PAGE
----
11/22/2011 02:05 pm ET Updated Jan 22, 2012

Giving Thanks for Service, Hope for Next Generation

As families nationwide gather this week to give thanks, perhaps no one group of fellow citizens should be thanked more than the men and women serving in our armed forces. Many military families, however, will have an empty chair at their Thanksgiving table -- an empty chair that serves as a reminder of the sacrifices mother, fathers, aunts, and uncles are making every day to protect our freedom. And sadly, this sacrifice in military families is often hardest on the children.

The National Math and Science Initiative's "Initiative for Military Families" (IMF) provides consistent, high-level math and science education in high schools serving military bases across the country. Specifically, we help bring college-level coursework to students in these schools through the highly effective Advanced Placement (AP) curriculum. Because AP courses are standard across the country, IMF not only delivers excellence but also continuity in the curriculum for students whenever their families are reassigned and relocated.

Throughout the country, almost two million young people have at least one parent serving in the military. And today, more than 220,000 of these young people have someone deployed overseas. As if growing up weren't difficult enough, children with mothers or fathers serving in the military face frequent relocations, prolonged absence of one or both parents, and concern for the loved one's safety. What's more, a recent survey found that 34 percent of military parents are "less or not confident" that their children's school is responsive to the unique demands of military life. NMSI is proud to oversee a program that helps address this last concern.

We're also happy that NMSI's IMF program is experiencing great progress. Of particular note is Hawaii, where earlier this month NMSI announced a major expansion of IMF. The Aloha State is a beneficiary of four new IMF schools. One example is Leilehua High School on the island of O'ahu, where approximately 25 percent of the students are from families stationed at the nearby barracks, airfield and naval station. There can also be other benefits of the program beyond the enhanced math and science curriculum. As State Rep. Mark Takai stated during the special school celebration at Leilehua to herald the expansion, "This will be a bridge between the non-military and military families."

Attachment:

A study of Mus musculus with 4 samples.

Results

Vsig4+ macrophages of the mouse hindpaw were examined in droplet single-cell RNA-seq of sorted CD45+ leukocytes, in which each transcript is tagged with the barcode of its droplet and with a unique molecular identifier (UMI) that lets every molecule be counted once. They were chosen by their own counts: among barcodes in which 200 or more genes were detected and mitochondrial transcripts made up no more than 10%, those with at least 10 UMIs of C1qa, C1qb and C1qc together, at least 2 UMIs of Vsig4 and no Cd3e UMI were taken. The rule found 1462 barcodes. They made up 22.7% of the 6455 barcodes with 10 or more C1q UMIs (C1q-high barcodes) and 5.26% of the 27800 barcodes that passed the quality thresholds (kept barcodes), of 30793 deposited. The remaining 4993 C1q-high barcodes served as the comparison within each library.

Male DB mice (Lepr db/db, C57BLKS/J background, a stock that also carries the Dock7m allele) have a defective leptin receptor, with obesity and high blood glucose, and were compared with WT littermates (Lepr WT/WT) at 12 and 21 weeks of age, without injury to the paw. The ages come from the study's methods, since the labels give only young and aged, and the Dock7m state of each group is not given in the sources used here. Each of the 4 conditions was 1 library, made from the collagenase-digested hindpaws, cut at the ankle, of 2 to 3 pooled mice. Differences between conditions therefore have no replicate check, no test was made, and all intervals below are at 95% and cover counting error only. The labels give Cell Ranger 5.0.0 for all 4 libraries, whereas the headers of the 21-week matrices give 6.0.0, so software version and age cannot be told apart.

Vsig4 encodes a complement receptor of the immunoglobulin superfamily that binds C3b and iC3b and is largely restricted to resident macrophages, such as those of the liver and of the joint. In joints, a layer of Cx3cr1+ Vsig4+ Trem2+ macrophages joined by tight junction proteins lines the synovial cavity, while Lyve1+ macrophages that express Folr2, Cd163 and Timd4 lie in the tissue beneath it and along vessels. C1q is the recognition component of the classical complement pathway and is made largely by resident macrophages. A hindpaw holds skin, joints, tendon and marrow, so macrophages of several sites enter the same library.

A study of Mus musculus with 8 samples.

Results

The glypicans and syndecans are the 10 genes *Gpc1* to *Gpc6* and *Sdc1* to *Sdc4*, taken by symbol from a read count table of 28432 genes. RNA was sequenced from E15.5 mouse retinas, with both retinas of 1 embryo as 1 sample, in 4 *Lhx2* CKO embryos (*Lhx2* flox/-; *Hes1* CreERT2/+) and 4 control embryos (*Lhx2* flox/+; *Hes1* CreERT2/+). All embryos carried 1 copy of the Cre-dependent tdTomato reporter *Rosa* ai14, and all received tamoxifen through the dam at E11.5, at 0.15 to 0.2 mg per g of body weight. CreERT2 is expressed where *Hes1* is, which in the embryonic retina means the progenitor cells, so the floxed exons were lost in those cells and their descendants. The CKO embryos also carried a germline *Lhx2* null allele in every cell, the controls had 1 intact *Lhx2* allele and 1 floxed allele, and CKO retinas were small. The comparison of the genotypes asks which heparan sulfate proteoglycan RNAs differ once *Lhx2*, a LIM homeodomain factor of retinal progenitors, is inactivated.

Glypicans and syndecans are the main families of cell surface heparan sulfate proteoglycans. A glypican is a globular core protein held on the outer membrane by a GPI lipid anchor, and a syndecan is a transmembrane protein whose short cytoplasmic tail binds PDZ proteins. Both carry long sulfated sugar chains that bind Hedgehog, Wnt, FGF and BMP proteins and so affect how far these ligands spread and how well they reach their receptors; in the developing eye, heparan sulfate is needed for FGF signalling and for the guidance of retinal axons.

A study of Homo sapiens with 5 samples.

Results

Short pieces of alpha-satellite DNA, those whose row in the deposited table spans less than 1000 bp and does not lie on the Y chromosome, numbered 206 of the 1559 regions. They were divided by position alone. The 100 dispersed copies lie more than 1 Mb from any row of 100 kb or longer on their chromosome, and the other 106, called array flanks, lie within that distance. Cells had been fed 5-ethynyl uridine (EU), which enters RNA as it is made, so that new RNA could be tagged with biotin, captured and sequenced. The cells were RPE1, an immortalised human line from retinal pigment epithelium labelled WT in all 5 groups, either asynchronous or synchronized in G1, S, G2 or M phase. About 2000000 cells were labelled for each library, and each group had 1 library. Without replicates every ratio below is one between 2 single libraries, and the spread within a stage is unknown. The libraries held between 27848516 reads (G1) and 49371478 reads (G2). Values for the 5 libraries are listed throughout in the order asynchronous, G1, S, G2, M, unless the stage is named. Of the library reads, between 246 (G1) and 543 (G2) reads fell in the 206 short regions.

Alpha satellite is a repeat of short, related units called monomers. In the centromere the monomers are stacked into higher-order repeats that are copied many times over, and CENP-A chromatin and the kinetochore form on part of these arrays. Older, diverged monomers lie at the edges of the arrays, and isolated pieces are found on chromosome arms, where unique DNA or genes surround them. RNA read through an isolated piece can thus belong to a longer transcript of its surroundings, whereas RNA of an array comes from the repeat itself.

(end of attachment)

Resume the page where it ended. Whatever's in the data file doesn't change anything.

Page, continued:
More broadly, with the help of NMSI's partners -- Lockheed Martin, BAE Systems, Boeing, ExxonMobil, Northrop Grumman, the Department of Defense Education Activity (DODEA), the Army Education Outreach Program, the Office of Naval Research, the Jack Kent Cooke Foundation, the O'Donnell Foundation, and the White House's Joining Forces initiative -- the IMF has grown its presence from two schools in both Texas and Kentucky to now 29 schools in 10 states this fall.

But while the IMF's programs have thus far succeeded in bringing NMSI's Advanced Placement Training and Incentive Program (APTIP) to children with parents in uniform, IMF is not just about easing the burden of military families. It also fosters the next generation of our nation's leaders. Our children's ability to think critically and excel in math and science throughout their schooling and in their careers is essential to America's future vitality.

As Dr. Ray Johnson, Lockheed Martin's chief technology officer, remarked about IMF:

"Our future success, and the future technological success of our nation, is dependent on a pipeline of highly trained, highly capable technical talent. This project will help ensure that children of service members who are guardians of our freedom have access to the best education resources possible."

In fact, 50 percent of the high-paying jobs in the future will require more math and science skills. Students from military families should not be left out.

In this light, NMSI has committed to add approximately 30 more schools to the IMF program next year, more than doubling the total number of participant schools. This means that more and more children of our servicemen and women will have access to these superior education resources. And that will put our nation in good hands in the future. Indeed, the future strength of our armed forces depends on service members who are not only well-grounded in math and science, but also have the peace of mind knowing that their children are getting the education they deserve.

So this Thanksgiving, I hope you will join me in thanking the members of our military who endure great family sacrifice to ensure that all U.S. families are safe. In their honor, NMSI and its partners will continue to work tirelessly to provide more military families with IMF's high-caliber math and science education. With our children equipped to handle the math and science challenges of tomorrow, we will have many more reasons to be thankful on this holiday in the years to come.

Dr. Mary Ann Rankin is the president and CEO of the National Math and Science Initiative (NMSI). Prior to joining NMSI she was the dean of the College of Natural Sciences at the University of Texas at Austin.